Teamsters Local 251: Providence needs to invest public money in the community



Partnership for Rhode Island Audit is Misleading and Biased

The recent release of Partnership for Rhode Island’s audit of Providence Public Schools (conducted on behalf of the organization by Ernst & Young) is another public relations snow job on behalf of the business community.

“A race to the bottom is not the answer,” said Matthew Taibi, Secretary-Treasurer for Teamsters Local 251. “Our economy should be measured according to how many working families are succeeding, not how many rich people are succeeding. In regards to budgetary concerns, the City of Providence should stop giving tax breaks to wealthy developers who are not committed to providing family-supporting jobs for workers.”

The report concludes that Providence “appears to pay 40 percent more per pupil than the median cost” of student transportation among a cherry-picked group of other school districts. There is something to be said about how the City of Providence sets up its bus routes, which is different from every other school district in the State of Rhode Island. Every other district has community schooling, whereas Providence does not. This definitely adds to the cost of student transportation.

The core issues that come to mind with student transportation are pay and benefits for the workers involved. Is paying more wages for student transportation workers inherently bad for a community? Absolutely not. Public dollars should be spent on creating decent salaries and benefits for those who live in in the community. Dollars spent on the wages of local workers means dollars spent at area businesses. Dollars spent on quality health care means less reliance on public services. Dollars spent on retirement benefits means that our communities’ retirees can enjoy their post-work years without the worries of economic insecurity.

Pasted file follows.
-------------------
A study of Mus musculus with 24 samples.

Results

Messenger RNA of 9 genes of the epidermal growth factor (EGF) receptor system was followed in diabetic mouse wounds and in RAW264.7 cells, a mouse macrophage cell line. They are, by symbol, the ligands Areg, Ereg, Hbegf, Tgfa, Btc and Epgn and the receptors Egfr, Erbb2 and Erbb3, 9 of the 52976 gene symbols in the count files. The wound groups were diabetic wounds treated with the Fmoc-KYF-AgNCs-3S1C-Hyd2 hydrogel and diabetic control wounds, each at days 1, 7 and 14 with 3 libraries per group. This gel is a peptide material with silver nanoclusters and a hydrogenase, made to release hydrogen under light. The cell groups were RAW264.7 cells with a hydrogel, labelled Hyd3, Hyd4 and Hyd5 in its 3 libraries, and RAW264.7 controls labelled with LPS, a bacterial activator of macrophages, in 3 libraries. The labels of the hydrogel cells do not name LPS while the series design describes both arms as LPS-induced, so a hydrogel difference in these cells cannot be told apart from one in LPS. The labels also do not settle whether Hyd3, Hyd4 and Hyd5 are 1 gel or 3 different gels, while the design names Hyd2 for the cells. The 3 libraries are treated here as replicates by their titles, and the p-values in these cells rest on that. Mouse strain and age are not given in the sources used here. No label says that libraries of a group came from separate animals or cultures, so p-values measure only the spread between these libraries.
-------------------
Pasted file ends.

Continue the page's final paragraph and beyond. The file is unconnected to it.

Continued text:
The $295,000 study is not a non-partisan examination by a reputable, disinterested accounting firm. The Partnership for Rhode Island is a front group for big business’ complex lobbying operation. Ernst and Young, the professional services firm that conducted the audit, has an international reputation that includes paying more than $150 million in SEC settlements for its auditing failures in 2016 alone.


Don’t let big businesses’ never-ending thirst for better balance sheets fool you. Keeping tax dollars in the community is the right way to spend public money.

Teamsters Local 251 represents drivers for First Student in Providence, along with drivers and monitors at First Student and Ocean State Transit in a number of other communities throughout Rhode Island.